An Idea Needing to Be Made is an exhibition centred predominantly around the idea of the vessel form and its continued use and reinvention by contemporary artists working with clay.

A fascination for ceramic objects and the process of their making has fuelled many ideas within our practice over many years. Also ingrained in our work is a deep appreciation for craftmanship and a curiosity to engage with technology to realise these artisanal techniques across many scales. 

When Lesley Harding - Artistic Director of Heide Museum of Modern Art - approached us to design a new exhibition that would question the place of ceramics in contemporary art, we didn't hesitate. The aim was to develop new ways of presenting objects that moved beyond conventional museum furniture to something more experiential. So we embarked upon a rediscovery of past projects and an exploration of John’s personal ceramic collections that would provide a foundation from which to draw inspiration for the exhibition.

  • Traditional Custodians of the land Wurundjeri people of the Kulin Nation
  • Location Heide Museum of Modern Art
  • Exhibition Design Wardle
  • Exhibition Construction Sawdust Bureau, Brian Scales 
  • Artists Alison Britton (UK) Kathy Butterly (US) Kirsten Coelho (AUS) Pippin Drysdale (AUAlison Britton (UK) Kathy Butterly (US) Kirsten Coelho (AUS) Pippin Drysdale (AUS) Ernabella Arts (AUS) Simone Fraser (AUS) Gwyn Hanssen Pigott (AUS) King Houndekpinkou (FRA) Nicolette Johnson (AUS) Kang Hyo Lee (KOR) Kate Malone (UK) Laurie Steer (NZ)
  • Artistic Director Lesley Harding
  • Co-curator Glenn Barkley
  • Team John Wardle, Alan Ting, Ariani Anwar James Loder

It is foregrounded historically by the work of the Australian artist Gwyn Hanssen Pigott, whose interest in and interrogation of the vessel and the still life tradition ushered in a new way of thinking for ceramicists about function, display and purpose.

Most of the artists in the exhibition deal with one or more of the enquiries and ideas explored by Pigott: how can a vessel function as both something to be used but also about use; in what ways can an artwork be understood as a collection or suite of objects; and why is the past an eternal present in ceramic practice?

The introductory experience for this exhibition is a massive table made from 45 tables joined together that fills the first long space in Heide’s main galleries. The inspiration for the ‘Heide table’ came from an earlier piece created by John for Captain Kelly’s Cottage on Bruny Island. The original work joined together two individual tables with their own divergent histories to create a single structure, imbued with the richness of both the wood that the tables were crafted from and the delight of bringing the stories of their making together.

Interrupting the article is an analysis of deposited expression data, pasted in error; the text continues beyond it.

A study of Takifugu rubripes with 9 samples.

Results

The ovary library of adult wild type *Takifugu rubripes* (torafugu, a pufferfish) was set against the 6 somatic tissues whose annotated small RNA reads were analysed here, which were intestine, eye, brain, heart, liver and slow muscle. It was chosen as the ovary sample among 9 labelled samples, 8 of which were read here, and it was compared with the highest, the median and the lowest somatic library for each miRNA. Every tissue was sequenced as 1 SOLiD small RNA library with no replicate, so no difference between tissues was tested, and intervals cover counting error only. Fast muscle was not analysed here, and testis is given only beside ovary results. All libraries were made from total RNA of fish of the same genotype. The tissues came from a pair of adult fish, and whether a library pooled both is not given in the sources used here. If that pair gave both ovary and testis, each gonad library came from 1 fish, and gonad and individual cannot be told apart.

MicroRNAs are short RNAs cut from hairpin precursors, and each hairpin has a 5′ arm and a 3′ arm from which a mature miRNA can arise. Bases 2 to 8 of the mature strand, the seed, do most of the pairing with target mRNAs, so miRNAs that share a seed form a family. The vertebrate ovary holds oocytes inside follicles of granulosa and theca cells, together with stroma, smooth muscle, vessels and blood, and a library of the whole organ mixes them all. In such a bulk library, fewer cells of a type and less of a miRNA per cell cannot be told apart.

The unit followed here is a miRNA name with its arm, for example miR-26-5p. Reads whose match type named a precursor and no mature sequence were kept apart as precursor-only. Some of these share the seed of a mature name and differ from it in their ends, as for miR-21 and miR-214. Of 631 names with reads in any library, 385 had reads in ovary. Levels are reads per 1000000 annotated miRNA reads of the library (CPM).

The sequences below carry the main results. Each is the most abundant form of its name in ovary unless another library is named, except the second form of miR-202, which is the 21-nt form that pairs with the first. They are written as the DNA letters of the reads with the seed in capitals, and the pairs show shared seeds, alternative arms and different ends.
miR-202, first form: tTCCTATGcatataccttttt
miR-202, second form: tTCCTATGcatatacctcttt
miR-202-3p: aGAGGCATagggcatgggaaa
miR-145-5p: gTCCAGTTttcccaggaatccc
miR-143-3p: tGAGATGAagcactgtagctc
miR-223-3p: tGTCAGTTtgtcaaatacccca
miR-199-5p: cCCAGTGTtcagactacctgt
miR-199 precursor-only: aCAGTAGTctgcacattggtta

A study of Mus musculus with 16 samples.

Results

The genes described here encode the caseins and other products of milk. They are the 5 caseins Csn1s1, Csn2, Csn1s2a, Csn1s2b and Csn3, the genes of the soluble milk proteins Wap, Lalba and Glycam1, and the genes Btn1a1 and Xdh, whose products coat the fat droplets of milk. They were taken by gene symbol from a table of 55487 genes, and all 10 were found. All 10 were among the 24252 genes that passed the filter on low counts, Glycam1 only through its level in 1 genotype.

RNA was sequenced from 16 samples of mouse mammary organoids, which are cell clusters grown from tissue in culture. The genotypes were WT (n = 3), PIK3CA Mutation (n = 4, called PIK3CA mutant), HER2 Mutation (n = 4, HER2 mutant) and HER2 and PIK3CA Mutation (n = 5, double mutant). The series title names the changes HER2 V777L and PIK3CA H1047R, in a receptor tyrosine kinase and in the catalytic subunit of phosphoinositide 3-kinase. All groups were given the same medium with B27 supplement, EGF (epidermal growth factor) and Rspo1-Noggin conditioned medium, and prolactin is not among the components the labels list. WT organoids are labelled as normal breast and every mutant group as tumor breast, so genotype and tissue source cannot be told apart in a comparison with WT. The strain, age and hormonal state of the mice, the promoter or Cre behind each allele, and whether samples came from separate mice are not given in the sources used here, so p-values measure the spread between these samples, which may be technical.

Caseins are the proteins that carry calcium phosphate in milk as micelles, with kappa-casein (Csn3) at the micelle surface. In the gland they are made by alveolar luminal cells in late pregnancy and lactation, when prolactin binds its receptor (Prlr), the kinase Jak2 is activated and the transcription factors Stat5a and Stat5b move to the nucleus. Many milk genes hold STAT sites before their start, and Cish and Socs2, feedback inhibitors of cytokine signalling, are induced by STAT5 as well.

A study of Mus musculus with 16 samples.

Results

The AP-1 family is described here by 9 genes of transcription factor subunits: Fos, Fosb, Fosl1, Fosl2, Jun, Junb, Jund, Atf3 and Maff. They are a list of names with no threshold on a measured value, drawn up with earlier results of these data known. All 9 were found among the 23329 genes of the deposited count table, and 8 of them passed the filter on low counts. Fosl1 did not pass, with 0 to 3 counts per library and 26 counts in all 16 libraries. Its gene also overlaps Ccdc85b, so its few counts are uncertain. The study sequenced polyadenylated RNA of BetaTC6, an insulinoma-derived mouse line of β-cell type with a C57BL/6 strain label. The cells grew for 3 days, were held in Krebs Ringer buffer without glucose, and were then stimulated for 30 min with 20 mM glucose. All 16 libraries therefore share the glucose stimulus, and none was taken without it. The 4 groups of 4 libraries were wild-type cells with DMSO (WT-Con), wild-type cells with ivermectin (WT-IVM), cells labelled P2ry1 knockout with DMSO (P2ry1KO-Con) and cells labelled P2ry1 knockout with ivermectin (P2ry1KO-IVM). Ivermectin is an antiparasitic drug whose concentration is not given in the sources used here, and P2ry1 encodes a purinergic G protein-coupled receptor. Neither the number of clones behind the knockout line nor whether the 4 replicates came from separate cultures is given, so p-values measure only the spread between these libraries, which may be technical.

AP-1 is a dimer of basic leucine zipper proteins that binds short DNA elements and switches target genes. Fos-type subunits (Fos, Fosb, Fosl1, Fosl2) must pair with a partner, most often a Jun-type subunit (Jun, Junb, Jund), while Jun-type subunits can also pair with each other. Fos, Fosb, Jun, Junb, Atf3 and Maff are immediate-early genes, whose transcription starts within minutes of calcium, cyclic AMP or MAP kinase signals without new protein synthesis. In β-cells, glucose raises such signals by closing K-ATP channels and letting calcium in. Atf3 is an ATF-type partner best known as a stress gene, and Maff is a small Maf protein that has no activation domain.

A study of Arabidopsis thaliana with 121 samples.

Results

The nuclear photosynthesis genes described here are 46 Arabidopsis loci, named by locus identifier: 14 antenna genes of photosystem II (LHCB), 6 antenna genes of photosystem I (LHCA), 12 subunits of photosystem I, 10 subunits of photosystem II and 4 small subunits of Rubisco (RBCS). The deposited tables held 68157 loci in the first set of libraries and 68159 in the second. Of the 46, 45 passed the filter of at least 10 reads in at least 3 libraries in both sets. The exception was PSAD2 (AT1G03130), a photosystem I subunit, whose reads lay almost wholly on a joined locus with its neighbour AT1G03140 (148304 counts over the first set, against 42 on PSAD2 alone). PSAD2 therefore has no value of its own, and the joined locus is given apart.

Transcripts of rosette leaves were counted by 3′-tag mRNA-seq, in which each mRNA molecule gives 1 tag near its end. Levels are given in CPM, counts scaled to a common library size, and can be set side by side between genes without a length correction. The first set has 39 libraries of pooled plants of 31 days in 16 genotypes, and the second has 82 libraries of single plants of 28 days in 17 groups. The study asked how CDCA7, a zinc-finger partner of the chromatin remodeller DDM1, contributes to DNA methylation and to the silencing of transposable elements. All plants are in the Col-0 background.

For the exhibition, we needed to create an installation that would allow the curators to group the works in novel ways. A ceramic vessel resting on a table evokes a timeless narrative of the domestic setting so central to the tradition of still life in Western art. Joining the tables enabled us to reconfigure this idea while also creating different territories and shifts in scale; a ceramicist with small works could fill a small table, while another with larger works could fill a larger table. The exhibition draws together the work of artists from diverse backgrounds, so the different tables became a way of representing this diversity.

In the workshop, the tables grouped en masse took on a different character. Those that weren’t individually beautiful examples of furniture design were transformed by the serendipitous coming together of legs nearly touching, edges meeting, and sinuous gaps between; an unlikely community of tables.

The Wunderkammer room, as we came to describe it, was conceived to bring together fragments and objects from the artists’ studios. An open brief was issued to each artist and tools, collected objects and ephemera assembled. Collectively they gently reference the process of making, the experience of visiting a studio and seeing work in progress— moments of translation and the workshop atmosphere in which works are created. 

A custom-designed vitrine in the last of the rooms displays test glazes, broken objects and those works that don’t make it to the showroom or gallery, capturing the high attrition rate inherent to making ceramics and the preciousness associated with achieving perfect pieces. It presents the otherwise unseen backstory of the objects that are part of the journey of the delicate process of creation. 

Finally, a beautiful centrepiece for the gallery window draws on the axial nature of the gallery space and was designed to display a work by the artist Gwyn Hanssen Pigott.